3 Benefits to Teaching Cursive Handwriting

If you’re anywhere around my age then you probably remember learning cursive handwriting. You know… those awkwardly shaped pads of paper with the overly huge lines and a texture that resembled thin plastic.

I was actually super shocked to find out that Common Core Standards didn’t require cursive handwriting to be taught. But why?

The History of Cursive Handwriting

Since the beginning of time, people have always looked for ways to write more swiftly. When my family and I began learning Hebrew, we quickly found out there was a script font. Yep, you guessed it. It’s the cursive Hebrew font.

Even the scribes back in the Mesopotamian days were writing in their form of cursive on clay tablets! Fast forward to the 16th century, and that’s where you’ll find the cursive we’re familiar with today. Folks like Platt Rogers Spencer even coined handwriting as a type of art. And when you think about it, it truly is!

As for why it’s no longer looked at as something worthy to continue teaching… I get it. Our society continues to move full steam ahead into all things digital. There are rarely things to physically sign anymore, but the benefits go beyond being able to sign your John Hancock.

3 Benefits to Teaching Cursive Handwriting

Even in the midst of a technological surge, I still believe we can embrace the benefits of teaching cursive handwriting.

Cursive handwriting boosts the brain.

When it comes to integrating visual and tactile information, cursive handwriting will help your child do it. What ends up happening is certain synapses are firing during writing in cursive that synchronize the left and right hemispheres of the brain. You won’t find this when a child is learning to type!

Cursive writing improves brain development.

Primarily in the areas of thinking, language, and working memory – learning cursive handwriting has been shown to improve:

  • overall reading
  • writing speed
  • spelling
  • fine motor skills
  • retention
  • self-discipline
  • self-esteem
  • and more!

Researchers actually found that elementary-aged students who learned cursive handwriting were better at spelling. They seemed to form words more easily, which led to being better readers.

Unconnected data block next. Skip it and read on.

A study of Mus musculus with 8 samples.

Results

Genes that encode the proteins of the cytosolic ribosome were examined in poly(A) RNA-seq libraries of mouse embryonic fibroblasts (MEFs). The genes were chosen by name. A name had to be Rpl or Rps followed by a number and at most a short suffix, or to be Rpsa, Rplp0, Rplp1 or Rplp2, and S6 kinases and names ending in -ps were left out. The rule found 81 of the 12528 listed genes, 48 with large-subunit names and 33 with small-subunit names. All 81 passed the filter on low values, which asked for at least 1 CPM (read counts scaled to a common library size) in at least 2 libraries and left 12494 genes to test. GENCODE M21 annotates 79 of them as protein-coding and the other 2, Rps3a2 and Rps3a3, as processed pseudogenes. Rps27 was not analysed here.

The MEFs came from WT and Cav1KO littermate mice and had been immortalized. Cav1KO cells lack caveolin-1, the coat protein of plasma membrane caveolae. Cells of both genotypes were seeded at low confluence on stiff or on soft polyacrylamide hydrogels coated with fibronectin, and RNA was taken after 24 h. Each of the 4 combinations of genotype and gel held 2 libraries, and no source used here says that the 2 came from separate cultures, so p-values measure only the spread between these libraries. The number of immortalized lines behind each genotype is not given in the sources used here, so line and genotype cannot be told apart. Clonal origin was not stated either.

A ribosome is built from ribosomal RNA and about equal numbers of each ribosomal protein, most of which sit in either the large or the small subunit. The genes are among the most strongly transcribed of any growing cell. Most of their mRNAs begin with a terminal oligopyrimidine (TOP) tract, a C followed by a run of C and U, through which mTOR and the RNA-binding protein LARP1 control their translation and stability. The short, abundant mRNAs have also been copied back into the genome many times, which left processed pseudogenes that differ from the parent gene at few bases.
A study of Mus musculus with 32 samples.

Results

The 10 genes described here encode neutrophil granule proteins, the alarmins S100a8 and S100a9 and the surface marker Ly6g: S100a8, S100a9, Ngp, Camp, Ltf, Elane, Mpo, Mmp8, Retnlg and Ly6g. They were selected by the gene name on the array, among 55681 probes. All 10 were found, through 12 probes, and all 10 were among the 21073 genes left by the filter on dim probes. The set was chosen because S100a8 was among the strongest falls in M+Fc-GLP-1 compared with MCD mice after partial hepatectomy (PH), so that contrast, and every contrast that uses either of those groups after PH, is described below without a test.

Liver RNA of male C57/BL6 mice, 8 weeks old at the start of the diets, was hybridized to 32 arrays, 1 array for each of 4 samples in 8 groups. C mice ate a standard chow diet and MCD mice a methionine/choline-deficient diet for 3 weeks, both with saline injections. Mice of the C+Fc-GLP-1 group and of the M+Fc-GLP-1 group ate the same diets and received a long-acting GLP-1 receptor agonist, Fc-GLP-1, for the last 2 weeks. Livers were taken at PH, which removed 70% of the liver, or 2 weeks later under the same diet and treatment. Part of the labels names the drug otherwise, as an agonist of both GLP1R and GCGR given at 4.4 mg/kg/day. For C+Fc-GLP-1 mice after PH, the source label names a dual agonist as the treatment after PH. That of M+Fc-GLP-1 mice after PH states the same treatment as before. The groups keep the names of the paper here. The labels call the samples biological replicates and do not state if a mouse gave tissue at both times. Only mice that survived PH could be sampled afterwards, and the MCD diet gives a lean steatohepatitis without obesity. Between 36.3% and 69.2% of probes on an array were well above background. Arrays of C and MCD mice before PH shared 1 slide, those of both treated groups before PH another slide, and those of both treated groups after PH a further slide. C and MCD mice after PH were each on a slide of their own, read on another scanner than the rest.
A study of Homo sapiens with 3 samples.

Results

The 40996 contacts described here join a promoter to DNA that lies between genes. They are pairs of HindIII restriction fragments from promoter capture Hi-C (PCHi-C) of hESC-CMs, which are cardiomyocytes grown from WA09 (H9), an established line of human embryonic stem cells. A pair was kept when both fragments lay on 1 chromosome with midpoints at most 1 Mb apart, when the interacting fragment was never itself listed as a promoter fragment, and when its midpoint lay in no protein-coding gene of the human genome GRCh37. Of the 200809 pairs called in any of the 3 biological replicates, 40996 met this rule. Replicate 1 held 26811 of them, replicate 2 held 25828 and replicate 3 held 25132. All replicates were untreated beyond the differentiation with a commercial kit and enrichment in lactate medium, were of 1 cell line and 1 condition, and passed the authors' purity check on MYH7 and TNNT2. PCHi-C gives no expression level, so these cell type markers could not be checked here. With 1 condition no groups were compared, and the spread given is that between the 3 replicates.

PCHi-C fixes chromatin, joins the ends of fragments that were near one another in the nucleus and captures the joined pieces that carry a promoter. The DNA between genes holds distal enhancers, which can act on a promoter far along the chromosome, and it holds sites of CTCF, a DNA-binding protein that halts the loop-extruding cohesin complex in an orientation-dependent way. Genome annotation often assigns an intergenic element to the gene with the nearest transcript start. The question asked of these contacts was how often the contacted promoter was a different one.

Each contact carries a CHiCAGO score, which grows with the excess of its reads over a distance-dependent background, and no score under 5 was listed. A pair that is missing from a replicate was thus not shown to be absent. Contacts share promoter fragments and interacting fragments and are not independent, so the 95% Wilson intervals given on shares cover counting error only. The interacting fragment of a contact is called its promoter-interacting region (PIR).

Cursive handwriting promotes creativity.

Think about all that beautiful Bible journaling. All those calligraphy classes. All those cutesy-curly ways to show creative expression. Those branch from knowing how to write in cursive in the first place. Children who learn cursive are more apt to be creative when given the ability to do so.

Free Cursive Writing Printable

I remember wondering when and how I was going to teach my children cursive handwriting. Since we started homeschooling when our first born was in 1st grade, I knew it wouldn’t be long before I needed to figure something out. If you’re in this same boat right now, I have some tips for you:

  • Don’t push cursive writing, but slowly introduce it around 3rd grade.
  • Start with an easy one-page printable (like my free one below).
  • Introduce a couple of letters at a time, both the upper and lowercase.
  • Have your child practice words after learning a few letters.
  • Make it fun!

To help introduce your child to cursive writing, I’ve created a free one-page printable that has 3 different sections: upper and lowercase together, uppercase only, and lowercase only. I recommend that you print it on cardstock and laminate it to make it reusable. Add it to their morning time binder for daily practice!


This Post Has 2 Comments

  1. Brie Watson

    Some more detailed information about how cursive affects cognitive skills is in this article: https://www.corporatespecialties.com/cursive-writing-boosts-cognitive-skills/
    I don’t insist that today’s kids should prioritize handwriting. I believe that both handwriting and typing are important in today’s world. But we do give enough attention to cursive writing in homeschooling so that children can be confident with using a pencil. I’m sure it’s a skill they’ll need in the future. Thank you for your printable, I’m sure we will use it!

    1. Michelle

      You got a good point there! Thanks so much!